In the Shadow of Paraguay's Coup, Social Movements Mobilize for Democracy
A protest against the coup in Paraguay.
Photo Credit: Telesur
The coup gave birth to new corporate agreements, repression of citizens’ rights and crackdowns on press freedoms. It also unwittingly created a new panorama of leftist social struggles and movements.
These movements for democracy have risen up against the coup government and the renewed state and corporate assaults on human rights, the environment and small farmers. Some activists are protesting politically-motivated layoffs, while others are demanding a new constitution. Beyond questioning the Franco government, these movements are putting forth a progressive agenda in the debate about what kind of country Paraguayans want, regardless of who is in power.
“What we are seeing are self-organized protests that are organized collectively,” Gabriela Schvartzman Muñoz, the spokeswoman for Movimiento Kuña Pyrenda, a socialist and feminist political movement which organizes the Thursday protests in the capital, explained in a phone interview from Asunción.
This more collectively-organized form of mobilization is a relatively new phenomenon in Paraguayan social movements, and has marked the new protests for democracy in the country.
“Before it was the president of the union that organized people for a strike, or a campesino [small farmer] leader marching ahead of a mobilization. Now we don’t see this kind of traditional leadership,” Muñoz explained. “Behind these citizens’ marches, there is no political leader, there is no leader of an organization; these are more spontaneous mobilizations.” Such protests involve “the participation of people who were invisible before, and are now protagonists.”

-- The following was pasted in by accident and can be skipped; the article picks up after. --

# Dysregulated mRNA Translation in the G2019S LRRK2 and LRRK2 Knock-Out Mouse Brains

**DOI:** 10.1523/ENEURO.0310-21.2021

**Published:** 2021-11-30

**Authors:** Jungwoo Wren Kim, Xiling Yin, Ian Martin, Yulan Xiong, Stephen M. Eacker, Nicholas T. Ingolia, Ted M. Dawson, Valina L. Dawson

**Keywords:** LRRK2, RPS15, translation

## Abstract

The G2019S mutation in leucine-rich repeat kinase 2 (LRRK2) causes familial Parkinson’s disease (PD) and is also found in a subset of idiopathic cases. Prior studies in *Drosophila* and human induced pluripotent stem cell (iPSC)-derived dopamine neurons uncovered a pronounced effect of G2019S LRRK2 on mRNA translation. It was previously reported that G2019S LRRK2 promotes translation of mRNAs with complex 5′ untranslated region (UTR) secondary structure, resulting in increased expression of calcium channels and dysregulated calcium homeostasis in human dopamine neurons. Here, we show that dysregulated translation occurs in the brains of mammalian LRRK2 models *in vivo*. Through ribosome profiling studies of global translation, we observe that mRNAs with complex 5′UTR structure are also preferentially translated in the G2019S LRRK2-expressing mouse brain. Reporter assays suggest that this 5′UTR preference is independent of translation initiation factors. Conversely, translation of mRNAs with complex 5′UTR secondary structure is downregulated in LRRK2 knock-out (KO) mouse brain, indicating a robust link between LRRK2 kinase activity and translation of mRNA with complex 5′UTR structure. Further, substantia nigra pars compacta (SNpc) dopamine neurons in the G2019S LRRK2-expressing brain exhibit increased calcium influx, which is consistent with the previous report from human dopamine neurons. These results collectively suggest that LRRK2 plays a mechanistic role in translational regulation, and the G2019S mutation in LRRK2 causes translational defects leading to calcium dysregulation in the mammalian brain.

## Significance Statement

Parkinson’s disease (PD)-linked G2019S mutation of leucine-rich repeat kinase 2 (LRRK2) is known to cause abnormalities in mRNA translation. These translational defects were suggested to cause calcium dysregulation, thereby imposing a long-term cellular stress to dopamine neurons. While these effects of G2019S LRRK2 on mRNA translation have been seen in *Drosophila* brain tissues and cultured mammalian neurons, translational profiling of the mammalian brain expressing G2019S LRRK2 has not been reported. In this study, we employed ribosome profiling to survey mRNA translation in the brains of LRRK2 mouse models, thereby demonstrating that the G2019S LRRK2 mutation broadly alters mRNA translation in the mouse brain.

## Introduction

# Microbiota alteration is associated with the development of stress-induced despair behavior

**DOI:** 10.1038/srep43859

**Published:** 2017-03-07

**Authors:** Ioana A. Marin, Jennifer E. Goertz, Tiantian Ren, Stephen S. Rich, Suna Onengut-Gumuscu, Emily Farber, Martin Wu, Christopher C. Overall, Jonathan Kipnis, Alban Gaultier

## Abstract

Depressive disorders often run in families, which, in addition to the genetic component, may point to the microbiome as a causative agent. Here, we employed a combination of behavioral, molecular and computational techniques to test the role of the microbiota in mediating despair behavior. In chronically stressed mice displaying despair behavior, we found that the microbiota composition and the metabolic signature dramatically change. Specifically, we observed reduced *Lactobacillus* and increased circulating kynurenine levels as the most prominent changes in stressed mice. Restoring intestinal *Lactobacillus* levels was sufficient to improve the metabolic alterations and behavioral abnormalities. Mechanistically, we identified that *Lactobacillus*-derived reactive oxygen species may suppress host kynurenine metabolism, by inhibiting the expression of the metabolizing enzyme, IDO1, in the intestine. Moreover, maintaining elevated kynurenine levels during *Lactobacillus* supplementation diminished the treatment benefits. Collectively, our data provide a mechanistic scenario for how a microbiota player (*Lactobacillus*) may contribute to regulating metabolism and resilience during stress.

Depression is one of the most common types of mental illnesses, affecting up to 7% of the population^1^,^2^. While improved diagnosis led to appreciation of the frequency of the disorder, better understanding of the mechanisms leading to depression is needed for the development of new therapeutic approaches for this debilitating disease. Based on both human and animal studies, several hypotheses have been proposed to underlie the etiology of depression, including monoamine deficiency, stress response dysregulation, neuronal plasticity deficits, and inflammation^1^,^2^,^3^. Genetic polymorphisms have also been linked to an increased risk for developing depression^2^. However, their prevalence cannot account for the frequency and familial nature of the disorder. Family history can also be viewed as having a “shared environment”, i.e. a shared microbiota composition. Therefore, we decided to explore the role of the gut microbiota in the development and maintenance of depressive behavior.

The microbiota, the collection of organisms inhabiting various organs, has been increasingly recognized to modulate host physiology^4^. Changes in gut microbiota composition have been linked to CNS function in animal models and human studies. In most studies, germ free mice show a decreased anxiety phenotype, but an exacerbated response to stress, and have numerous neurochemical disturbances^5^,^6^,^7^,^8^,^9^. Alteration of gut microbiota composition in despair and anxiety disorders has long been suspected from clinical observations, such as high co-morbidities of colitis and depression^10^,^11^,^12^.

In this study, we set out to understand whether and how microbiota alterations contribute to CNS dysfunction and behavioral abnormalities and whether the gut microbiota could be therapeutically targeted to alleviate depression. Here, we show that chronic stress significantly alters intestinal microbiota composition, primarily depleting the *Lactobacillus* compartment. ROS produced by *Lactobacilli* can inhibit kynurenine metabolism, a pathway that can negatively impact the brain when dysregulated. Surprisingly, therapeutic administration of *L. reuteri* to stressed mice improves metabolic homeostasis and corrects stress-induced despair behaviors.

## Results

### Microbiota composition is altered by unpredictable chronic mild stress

The resistance to the coup is dispersed around the country and typically involves small urban protests (largely in Asunción) that have utilized colorful marches, art, theater, music, and poetry as expressions of resistance. Notably, youth have led much of the organizing in this movement, and social networking tools such as Facebook and Twitter have played a key role in bringing people together against the coup government.
“This [urban movement] represents a fresh breeze within the weak and demobilized social sector,” Paraguayan human rights lawyer Orlando Castillo explained to me in an interview. “Paraguay is now in a very interesting period, where a new range of possibilities could strengthen social processes.”
Outside the nation’s landlocked borders, the waves of Paraguayan migrants whose numbers have skyrocketed in the last eight years are also mobilizing against Franco’s coup. Castillo said, “These people have organized to make the resistance global. Outside of the country, this is the international face against the coup.”
A Fight for Sovereignty
Nationally, the Franco government has not improved the outlook for much of the impoverished country’s working class. “The social situation has basically remained the same [since the coup]: poverty and extreme poverty affect nearly 57% of the population,” Raúl Zacarías Fernández, a sociologist and Director of the Department of Social Sciences at the Universidad Católica de Paraguay said in Revista Debate. According to the sociologist, those in the landless movement fighting for their own land “are reorganizing and preparing for occupations.”
Meanwhile, Franco has not met with a single social, urban or campesino organization since taking office. Instead, according to his official agenda, he has focused on meetings with business leaders. In the short time that he has been in office, Franco has fast-tracked controversial deals with Monsanto and the Montreal-based Rio Tinto Alcan (RTA) mining company, deals which critics charge will threaten human and environmental rights, and the economic sovereignty of the nation. These moves have motivated numerous protests and debates around the country.